Don’t forget to prepare a list of questions to make the most of your time. You may want to ask about their daily routine, recruiting experience, free time, offseason and classes.
When you talk to some student-athletes, it sounds like they already have the next five years locked in and nailed down. They know exactly what they want to major in, the universities they’re interested in and how they’ll get there.
Then there’s the rest of us — we’re not even sure what’s happening this weekend, let alone years from now.
And that’s OK. You’re not supposed to have all the answers in high school, especially when it comes to your recruiting. If you’re on the fence about whether you want to play college sports, you’re not alone. It’s a huge commitment that will shape your entire college experience.
So, to help you decide if being a college-athlete is the right choice for you, here are some helpful tips.
VISIT LOCAL COLLEGES, CHECK OUT THE LEVEL OF COMPETITION
Map out a weekend to visit a local college and watch a game or event. You may even consider checking out a few different divisions. It’s a simple and easy way to gauge the level of talent you’ll need to compete as a college athlete.
What kind size and skill sets do the athletes possess? Are there athletes on the team you’ve competed with or against? Can you match their size and speed? Seeing the action in person may help you better picture yourself in their shoes (or cleats).
Plus, you can use this as an opportunity to look around campus. Note characteristics you like about the school, such as classroom size and dorm life, and what you don’t like, too. Your observations will help you create a better, more informed target list of schools.
RESEARCH COLLEGE ROSTERS
If you don’t have time to check out a local university, or if you’re interested in a school that’s not easy to visit, head to the athletic program’s website and find the team’s roster. A roster can be pretty telling when you look at certain details. For example, are coaches finding recruits in one region of the country more than others? Read the athletes’ backgrounds to learn about their key stats and any awards they earned in high school.
Based on your accomplishments so far, could you get recruited alongside these athletes? Also, note their majors to help gauge whether or not your academic goals are compatible with your sport at this school.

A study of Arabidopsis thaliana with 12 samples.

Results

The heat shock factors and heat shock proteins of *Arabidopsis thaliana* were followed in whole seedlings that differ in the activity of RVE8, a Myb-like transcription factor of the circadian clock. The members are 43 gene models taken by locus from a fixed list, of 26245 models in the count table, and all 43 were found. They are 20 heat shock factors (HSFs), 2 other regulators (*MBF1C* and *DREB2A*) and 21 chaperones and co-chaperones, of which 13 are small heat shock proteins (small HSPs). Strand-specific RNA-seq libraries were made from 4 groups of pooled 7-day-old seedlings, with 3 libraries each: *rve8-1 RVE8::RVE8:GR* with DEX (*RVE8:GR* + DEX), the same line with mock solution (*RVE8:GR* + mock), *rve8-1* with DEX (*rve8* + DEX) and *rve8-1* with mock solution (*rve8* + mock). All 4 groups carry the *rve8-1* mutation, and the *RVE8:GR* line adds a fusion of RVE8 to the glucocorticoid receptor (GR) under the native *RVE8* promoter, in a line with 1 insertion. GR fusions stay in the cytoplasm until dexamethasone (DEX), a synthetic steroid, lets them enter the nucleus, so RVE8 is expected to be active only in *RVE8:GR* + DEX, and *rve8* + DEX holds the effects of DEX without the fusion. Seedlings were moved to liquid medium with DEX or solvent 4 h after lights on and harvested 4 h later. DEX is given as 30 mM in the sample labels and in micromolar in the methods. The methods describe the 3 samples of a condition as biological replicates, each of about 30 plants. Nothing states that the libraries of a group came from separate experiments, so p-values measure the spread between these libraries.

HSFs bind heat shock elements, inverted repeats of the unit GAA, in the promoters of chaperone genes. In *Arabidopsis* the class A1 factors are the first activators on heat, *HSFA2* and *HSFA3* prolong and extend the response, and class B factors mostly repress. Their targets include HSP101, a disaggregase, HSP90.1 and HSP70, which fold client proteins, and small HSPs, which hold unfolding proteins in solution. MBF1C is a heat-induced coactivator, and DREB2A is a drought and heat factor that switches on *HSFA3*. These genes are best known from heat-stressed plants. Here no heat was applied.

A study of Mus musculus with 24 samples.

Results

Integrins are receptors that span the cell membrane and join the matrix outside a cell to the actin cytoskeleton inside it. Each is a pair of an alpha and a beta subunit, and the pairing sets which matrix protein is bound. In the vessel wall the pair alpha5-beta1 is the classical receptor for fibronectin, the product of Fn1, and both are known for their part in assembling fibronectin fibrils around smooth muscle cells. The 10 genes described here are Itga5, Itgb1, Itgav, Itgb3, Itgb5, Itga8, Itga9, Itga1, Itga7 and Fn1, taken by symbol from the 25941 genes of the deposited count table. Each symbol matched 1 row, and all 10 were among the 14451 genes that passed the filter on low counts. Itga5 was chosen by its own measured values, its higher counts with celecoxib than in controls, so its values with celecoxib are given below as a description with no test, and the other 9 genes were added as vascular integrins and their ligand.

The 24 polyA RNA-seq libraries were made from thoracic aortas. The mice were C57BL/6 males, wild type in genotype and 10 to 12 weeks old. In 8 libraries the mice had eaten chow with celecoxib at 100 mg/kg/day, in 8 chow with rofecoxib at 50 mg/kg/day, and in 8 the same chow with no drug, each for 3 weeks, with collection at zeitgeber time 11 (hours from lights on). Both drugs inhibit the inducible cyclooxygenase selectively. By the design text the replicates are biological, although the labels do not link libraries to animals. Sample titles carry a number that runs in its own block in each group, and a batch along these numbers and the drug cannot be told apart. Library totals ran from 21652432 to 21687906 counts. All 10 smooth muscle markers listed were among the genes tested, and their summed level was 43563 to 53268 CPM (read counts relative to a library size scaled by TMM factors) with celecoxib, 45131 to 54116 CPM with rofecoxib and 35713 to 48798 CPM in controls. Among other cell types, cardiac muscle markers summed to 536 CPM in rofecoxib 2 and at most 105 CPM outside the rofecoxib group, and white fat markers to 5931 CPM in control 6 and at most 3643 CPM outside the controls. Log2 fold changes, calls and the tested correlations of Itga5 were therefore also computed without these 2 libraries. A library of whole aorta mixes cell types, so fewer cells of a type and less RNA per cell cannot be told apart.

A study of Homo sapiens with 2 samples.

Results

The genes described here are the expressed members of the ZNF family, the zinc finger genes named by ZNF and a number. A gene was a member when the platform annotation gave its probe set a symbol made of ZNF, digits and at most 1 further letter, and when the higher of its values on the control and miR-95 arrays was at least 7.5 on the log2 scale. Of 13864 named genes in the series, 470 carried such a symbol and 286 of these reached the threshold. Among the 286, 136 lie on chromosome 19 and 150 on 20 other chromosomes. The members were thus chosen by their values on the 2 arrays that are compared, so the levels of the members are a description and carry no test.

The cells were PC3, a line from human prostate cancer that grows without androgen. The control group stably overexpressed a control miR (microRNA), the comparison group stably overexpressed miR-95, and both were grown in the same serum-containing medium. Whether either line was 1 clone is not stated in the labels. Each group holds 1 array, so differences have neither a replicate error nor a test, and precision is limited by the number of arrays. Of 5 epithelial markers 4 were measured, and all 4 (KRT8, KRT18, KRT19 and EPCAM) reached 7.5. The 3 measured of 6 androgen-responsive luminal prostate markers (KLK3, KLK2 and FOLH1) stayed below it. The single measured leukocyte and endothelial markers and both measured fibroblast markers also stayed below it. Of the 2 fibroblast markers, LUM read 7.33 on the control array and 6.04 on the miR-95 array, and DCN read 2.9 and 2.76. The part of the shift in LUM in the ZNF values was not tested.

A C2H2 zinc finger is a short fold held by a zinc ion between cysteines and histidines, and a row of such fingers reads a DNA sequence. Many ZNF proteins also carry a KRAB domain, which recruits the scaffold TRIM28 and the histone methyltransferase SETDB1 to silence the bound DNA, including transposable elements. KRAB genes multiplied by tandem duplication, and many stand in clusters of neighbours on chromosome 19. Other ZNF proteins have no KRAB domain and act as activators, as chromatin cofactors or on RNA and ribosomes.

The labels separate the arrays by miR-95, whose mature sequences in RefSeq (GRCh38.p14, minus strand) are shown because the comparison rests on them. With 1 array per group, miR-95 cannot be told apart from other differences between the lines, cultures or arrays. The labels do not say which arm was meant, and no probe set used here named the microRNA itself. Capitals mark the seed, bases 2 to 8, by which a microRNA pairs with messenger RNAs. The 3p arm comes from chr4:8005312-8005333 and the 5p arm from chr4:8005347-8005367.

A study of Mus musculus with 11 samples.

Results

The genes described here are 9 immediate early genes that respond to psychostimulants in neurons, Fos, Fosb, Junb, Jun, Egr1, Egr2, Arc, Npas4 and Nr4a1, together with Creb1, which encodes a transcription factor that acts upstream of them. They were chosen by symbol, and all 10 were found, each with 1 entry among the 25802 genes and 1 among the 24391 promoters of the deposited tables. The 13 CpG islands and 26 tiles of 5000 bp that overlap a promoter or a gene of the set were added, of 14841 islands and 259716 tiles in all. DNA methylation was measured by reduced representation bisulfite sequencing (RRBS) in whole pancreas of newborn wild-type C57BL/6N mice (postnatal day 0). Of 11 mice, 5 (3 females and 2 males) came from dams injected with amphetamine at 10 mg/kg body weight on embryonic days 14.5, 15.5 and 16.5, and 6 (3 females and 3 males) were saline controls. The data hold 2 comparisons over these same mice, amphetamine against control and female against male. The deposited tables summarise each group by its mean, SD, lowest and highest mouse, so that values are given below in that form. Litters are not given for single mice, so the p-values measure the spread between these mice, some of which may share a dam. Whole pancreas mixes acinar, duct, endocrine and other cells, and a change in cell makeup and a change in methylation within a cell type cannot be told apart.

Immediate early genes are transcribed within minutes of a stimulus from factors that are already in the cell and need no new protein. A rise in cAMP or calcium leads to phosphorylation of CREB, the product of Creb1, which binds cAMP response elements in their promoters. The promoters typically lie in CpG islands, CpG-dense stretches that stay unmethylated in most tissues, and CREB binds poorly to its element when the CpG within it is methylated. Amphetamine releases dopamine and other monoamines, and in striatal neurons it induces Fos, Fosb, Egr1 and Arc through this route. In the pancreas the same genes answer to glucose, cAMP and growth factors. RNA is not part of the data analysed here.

NETWORK WITH FORMER OR CURRENT COLLEGE ATHLETES
There’s no better source than a college athlete. Reach out to former classmates you know who committed to college athletics and ask for their opinion. Don’t forget to prepare a list of questions to make the most of your time. You may want to ask about their daily routine, recruiting experience, free time, offseason and classes.
To get started, you can read how a former Division I college-athlete sees as the biggest differences between high school and college sports: Five major differences between high school and college sports.
GET AN HONEST, THIRD-PARTY EVALUATION
An unbiased third-party can tell you which division you’d fit into athletically, and from there you can decide if you want to pursue those types of schools.
A good place to start would be your high school or club coaches. Chance are, they’ve seen a variety of student-athletes compete, and even better, they’re usually in contact with college coaches. Or, you can attend a showcase or camp where recruits are being evaluated.
Before you embark on your recruiting journey, you want to be sure that college athletics is the right experience for you. Doing a little research, visiting colleges and learning about an athlete’s firsthand experience are great ways to determine whether or not you want to pursue playing at the next level.
Lastly, keep in mind that it’s possible to compete and enjoy your sport without making it the primary focus of your entire college experience.